Microsoft is facing resistance from both university professors and Oracle in its attempts to get hold of information it claims is relevant to the antitrust lawsuit filed against it by the US Department of Justice (DoJ).
Harvard University and the Massachusetts Institute of Technology (MIT) yesterday filed their objections to Big Green?s demands in a federal court in Boston, on behalf of faculty members David Yoffie of the Harvard Business School and Michael Cusumano of MIT?s Sloan School of Business.
The software giant had requested that the lecturers hand over research and taped conversations with Netscape executives in which they reportedly admit their current market troubles are not due to Microsoft and its allegedly unfair competitive practices, but to poor business decisions.
The information formed the basis of a book entitled "Competing on Internet Time: Lessons from Netscape and its Battle with Microsoft", which is due to be published by Simon & Schuster?s Free Press division just days before the start of the antitrust trial on 15 October, but Microsoft wants to use it as the "centrepiece" of its defence case against the DoJ.
The universities, however, attest that the demands threaten their First Amendment rights and the future of academic research because the Netscape interviews were held on condition that they remained private.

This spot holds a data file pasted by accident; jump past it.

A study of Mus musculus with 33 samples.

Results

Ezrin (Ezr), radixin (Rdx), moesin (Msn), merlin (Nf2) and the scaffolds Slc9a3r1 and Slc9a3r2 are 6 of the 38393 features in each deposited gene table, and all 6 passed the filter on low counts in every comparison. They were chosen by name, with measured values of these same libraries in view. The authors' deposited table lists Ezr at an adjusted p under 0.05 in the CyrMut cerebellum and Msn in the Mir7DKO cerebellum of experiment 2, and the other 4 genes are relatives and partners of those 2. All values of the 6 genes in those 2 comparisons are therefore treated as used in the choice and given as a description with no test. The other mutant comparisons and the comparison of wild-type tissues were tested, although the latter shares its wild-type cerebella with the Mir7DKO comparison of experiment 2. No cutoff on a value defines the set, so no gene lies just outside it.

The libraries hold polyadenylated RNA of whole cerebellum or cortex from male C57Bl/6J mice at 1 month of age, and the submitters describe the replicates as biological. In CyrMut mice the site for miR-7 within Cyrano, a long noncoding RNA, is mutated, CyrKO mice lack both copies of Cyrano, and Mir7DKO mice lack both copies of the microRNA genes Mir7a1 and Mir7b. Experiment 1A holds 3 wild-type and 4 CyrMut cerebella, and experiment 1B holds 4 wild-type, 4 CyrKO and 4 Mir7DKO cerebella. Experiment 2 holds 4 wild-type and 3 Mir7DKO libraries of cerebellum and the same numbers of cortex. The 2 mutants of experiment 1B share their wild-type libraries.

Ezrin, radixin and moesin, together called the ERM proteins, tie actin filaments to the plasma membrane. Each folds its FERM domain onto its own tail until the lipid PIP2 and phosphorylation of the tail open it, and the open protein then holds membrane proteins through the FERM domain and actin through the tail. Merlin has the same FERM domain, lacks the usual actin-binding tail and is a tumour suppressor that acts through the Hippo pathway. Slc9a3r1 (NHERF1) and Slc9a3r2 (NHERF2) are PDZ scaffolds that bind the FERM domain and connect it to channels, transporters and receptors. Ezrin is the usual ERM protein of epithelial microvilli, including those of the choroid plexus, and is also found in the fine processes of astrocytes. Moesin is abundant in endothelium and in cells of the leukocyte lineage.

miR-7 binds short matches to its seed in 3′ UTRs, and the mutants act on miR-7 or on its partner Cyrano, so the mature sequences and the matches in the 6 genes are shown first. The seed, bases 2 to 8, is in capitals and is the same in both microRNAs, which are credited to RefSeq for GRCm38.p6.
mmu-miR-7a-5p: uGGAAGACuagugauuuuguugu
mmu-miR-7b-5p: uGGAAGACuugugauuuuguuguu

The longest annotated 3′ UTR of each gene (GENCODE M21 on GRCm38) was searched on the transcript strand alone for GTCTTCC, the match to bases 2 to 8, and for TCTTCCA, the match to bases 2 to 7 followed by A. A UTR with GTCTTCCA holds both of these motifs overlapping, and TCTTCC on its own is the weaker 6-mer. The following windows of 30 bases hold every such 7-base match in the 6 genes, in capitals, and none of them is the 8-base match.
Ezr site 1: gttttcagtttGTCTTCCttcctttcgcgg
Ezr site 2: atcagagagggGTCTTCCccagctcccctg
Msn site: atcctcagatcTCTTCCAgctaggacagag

At the same time, Microsoft also disclosed a message from Netscape?s Marc Andreessen to Thomas Reardon, his Microsoft counterpart. This, Big Green?s lawyers claim, shows that Netscape did not consider a meeting held on 15 June 1995 to discuss calving up the Internet market to be threatening, despite government allegations to the contrary.
The software giant reportedly plans to use such evidence to demonstrate that such meetings between rivals are common in the software industry.
Meanwhile, US District Judge Thomas Penfield Jackson today ordered Oracle to hand over a limited number of internal documents to Microsoft, after having resisted such demands to date. These include any agreements entered into, but not those simply considered or proposed, but the move means that the 15 October trial date is now unlikely to be delayed.
Oracle had previously said that Big Green?s original request was "too vast" and that it "apparently believes that its status as an accused monopolist entitles it to use judicial process to delve into its competitors? most sensitive commercial information".
Donald Falk, Oracle?s lawyer, said today: "We don?t believe any of it is relevant."
But, Microsoft, on the other hand, accused Oracle of trying to hide evidence that would help its case, saying the information was "plainly relevant" and claiming that the database supplier had formed a "Rebel Alliance" to oppose its influence on the industry.
It is again seeking to show that other companies also routinely collaborate in alliances against rivals and is demanding information about deals undertaken by Oracle and Sun respectively to use Netscape?s browser and to end development of their own.
Big Green also wants details of an alleged meeting in 1994 between Oracle, Sun, IBM and others to discuss how to end competition among themselves. Microsoft alleges that Oracle planned a "convoluted set of transactions" to buy IBM?s Lotus unit, before selling part of it to Novell. Novell would then sell Unix to Oracle.